Three new San Diego City Council members will be inaugurated next week. The new Council’s first big decision will be a tense one: Who will be the next City Council president?
In this week’s podcast, hosts Andrew Keatts and Scott Lewis talk about the behind-the-scenes vote wrangling between Councilman David Alvarez and Councilwoman Myrtle Cole to become the next leader and the interesting split it’s caused among two of the city’s most powerful progressive institutions.
The San Diego Building and Construction Trades Council is backing Alvarez, while the San Diego-Imperial Counties Labor Council just announced its support for Cole. Lewis and Keatts dig deep into why the groups are divided and why it matters.
The affordable housing crisis is one of the San Diego region’s gnarliest problems, but that’s not stopping one new coalition.
Mary Lydon, the former executive director of the local Urban Land Institute chapter, is part of a new project called Housing You Matters, a group of urban planners, environmentalists and community leaders who have ambitious plans to first understand the housing problem, and then roll out recommendations for policy changes or other possible answers to the growing problem.
Lydon joined the podcast to discuss the group’s goals and its strategy.
“There’s no doubt that we’re growing,” she said. “Our populations are growing. We all have children. Where are they going to live? The great opportunities now are in the big cities … so we have to figure out how to accommodate that. But here in the state of California, we have some constraints.”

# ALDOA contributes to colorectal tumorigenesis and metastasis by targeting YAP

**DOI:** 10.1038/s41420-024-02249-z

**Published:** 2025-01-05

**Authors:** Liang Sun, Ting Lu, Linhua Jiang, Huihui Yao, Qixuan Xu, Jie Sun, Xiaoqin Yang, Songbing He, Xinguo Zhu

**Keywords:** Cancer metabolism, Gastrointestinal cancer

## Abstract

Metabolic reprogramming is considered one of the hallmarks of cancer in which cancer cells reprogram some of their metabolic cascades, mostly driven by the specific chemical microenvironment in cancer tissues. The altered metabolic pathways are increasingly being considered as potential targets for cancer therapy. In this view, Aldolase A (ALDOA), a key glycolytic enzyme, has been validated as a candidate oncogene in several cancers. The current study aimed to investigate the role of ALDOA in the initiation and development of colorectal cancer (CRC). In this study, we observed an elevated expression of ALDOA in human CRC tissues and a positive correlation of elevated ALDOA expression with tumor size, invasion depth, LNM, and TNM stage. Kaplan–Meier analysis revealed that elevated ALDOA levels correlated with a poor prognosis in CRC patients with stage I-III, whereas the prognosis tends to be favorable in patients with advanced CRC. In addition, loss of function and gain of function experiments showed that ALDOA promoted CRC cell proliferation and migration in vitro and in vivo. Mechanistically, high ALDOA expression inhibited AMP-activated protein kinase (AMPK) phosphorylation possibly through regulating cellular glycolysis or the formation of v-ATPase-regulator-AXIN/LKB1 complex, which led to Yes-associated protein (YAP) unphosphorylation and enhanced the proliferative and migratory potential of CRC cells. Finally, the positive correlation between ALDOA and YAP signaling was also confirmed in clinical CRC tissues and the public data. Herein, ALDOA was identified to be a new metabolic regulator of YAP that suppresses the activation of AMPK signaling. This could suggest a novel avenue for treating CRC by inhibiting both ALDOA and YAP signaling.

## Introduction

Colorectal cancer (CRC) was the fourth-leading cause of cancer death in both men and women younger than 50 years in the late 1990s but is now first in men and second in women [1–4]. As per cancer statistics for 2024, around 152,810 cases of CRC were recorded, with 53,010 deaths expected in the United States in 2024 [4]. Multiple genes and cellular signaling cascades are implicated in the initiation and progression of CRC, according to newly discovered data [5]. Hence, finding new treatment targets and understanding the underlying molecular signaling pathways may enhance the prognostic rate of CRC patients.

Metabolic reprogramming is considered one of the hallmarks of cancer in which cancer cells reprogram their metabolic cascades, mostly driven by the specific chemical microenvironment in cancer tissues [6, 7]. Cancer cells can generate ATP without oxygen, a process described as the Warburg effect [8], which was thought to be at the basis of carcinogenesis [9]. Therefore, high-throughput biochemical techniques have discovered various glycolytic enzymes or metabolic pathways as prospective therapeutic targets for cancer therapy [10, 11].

Lydon said the city’s Climate Action Plan is one local policy that’s caused more restraints when it comes to building affordable housing.
She also said her group is currently focusing on the “low-hanging fruit” of affordable housing by looking at how to spur more development next to public transportation. Transit-oriented development is something regional leaders have agreed San Diego needs more of, so she said her group is studying the barriers that might be keeping it from actually happening.
San Diego City Attorney Jan Goldsmith announced a new pilot program meant to better serve people who are frequently arrested for low-level crimes, cycling in and out of local jails and using up city resources with little results in terms of recidivism. The San Diego Misdemeanants At-Risk Track program will work toward diverting those non-violent chronic misdemeanor offenders into treatment and housing programs instead.
The city of San Diego’s Development Services Department gets a big thumbs-down this week for breaking its own rules and allowing ineligible projects to benefit from a program that fast-tracks sustainable developments. Keatts found that five well-connected local architects benefited the most from the rule-breaking.